Update on the Steel and Aluminum Tariff

May 16, 2018
3 min read

The Trump administration

enacted tariffs of 25 percent and 10 percent, respectively, on imports of steel and aluminum in late March, temporarily exempting a handful of close trading partners. Since then, there have been several significant updates on the steel and aluminum tariff.

On April 30th, before the midnight deadline on whether to impose tariffs on aluminum and steel from Canada, Mexico and the European Union, the White House announced it would give the allies 30 more days while they continue negotiating a final agreement on trade issues.

The allies have been pushing  U.S. officials to make the exemptions permanent — a move the White House has resisted as it continues to seek an updated North American Free Trade Agreement with Mexico and Canada. However, permanent exemptions were given to South Korea, Argentina, Australia and Brazil.

China has retaliated by imposing tariffs on a variety of U.S.-made goods, including HVAC equipment, and filing a complaint with the World Trade Organization. The EU has threatened to do the same if they do not receive a permanent exemption.

The tariff – and the threat of the tariff – have already caused increased prices in the HVAC industry. Many contractors are reporting that they are already receiving price increases from manufacturers and they are expecting that this trend will continue.

So, what can HVAC contractors do to manage the effects of the tariff?

–        Reach out to your current customers that are in the market for new HVAC systems and encourage them to act now before prices increase.

–        Contact all open leads and inform them of pending price hikes. Use this opportunity to close existing estimates.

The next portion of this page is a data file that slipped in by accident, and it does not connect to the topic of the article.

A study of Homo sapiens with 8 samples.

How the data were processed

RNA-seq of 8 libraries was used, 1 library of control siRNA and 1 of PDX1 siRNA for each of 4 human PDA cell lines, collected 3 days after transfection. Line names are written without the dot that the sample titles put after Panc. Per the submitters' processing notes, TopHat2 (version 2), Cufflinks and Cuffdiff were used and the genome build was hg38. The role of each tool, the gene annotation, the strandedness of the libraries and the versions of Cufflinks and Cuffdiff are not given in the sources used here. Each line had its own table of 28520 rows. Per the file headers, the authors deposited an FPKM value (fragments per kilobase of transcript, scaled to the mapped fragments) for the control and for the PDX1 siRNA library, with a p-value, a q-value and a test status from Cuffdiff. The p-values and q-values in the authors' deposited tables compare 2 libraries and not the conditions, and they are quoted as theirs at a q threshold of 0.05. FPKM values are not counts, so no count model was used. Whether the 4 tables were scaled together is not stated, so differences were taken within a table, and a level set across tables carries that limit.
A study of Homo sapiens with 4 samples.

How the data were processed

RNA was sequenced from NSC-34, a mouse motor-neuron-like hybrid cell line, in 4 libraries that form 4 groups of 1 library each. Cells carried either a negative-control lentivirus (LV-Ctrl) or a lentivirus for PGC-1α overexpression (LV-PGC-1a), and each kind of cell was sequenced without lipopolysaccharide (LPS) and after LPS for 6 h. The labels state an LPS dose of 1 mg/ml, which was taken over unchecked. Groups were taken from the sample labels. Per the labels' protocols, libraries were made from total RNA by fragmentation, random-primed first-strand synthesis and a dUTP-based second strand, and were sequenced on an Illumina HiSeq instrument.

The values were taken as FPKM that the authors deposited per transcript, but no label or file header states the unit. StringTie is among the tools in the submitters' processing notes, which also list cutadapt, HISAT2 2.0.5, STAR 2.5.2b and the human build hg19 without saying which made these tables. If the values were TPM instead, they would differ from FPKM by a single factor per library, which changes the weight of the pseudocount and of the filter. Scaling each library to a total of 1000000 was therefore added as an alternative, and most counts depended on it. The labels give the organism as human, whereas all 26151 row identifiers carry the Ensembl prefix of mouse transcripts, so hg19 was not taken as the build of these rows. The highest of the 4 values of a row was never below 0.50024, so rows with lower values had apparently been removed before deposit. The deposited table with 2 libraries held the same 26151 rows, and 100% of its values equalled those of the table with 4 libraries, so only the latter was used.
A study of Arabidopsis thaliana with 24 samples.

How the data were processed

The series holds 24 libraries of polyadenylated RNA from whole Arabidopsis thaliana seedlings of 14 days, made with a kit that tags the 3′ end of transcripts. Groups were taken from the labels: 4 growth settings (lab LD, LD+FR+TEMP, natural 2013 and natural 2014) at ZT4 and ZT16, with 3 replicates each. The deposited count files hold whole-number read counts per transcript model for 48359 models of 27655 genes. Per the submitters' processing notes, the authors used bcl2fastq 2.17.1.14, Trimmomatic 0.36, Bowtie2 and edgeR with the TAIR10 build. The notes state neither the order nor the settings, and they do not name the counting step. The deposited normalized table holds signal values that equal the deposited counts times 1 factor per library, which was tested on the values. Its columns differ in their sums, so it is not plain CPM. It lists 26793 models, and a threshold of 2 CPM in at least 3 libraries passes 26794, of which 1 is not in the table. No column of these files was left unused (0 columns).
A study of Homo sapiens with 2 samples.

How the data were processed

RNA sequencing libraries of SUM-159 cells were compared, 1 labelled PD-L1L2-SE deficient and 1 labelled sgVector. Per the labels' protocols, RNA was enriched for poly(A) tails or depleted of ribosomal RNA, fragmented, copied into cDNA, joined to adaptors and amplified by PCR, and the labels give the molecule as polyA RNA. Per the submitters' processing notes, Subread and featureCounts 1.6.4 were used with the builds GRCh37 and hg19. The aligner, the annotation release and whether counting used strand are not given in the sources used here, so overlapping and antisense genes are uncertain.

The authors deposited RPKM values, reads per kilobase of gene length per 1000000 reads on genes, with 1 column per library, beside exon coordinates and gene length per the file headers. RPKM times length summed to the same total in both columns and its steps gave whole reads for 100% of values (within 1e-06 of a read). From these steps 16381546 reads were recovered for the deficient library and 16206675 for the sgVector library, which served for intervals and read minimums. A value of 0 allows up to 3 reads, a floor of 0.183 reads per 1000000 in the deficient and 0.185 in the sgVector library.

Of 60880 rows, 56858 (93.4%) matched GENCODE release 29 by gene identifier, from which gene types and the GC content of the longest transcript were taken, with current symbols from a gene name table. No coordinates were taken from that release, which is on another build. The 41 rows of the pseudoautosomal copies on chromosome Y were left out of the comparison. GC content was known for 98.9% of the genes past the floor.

–        Create a marketing campaign to ensure all clients are aware of the price increase potential so they are not caught off-guard as costs will ultimately be passed down to end users.

–        Evaluate the impact these price hikes may have on your pricing and anticipated margins and act accordingly ie. Adjust flat rate pricing

–        Make sure to advise commercial clients about potential price increases during the sales, bidding and quoting process.

–        Check in regularly with your suppliers and review costs.

–        Depending on your inventory model, consider purchasing before prices increase.

FIELDBOSS Contractor Management Software can help you market to your existing customers and leads by segmenting your marketing list, so you can contact the right people and inform them about potential price increases and what the tariffs means for them specifically. Reach out to your clients with targeted offers to turn the challenge of tariffs into a sales opportunity for your company.

Contact FIELDBOSS for more information on how we can help you successfully navigate industry challenges.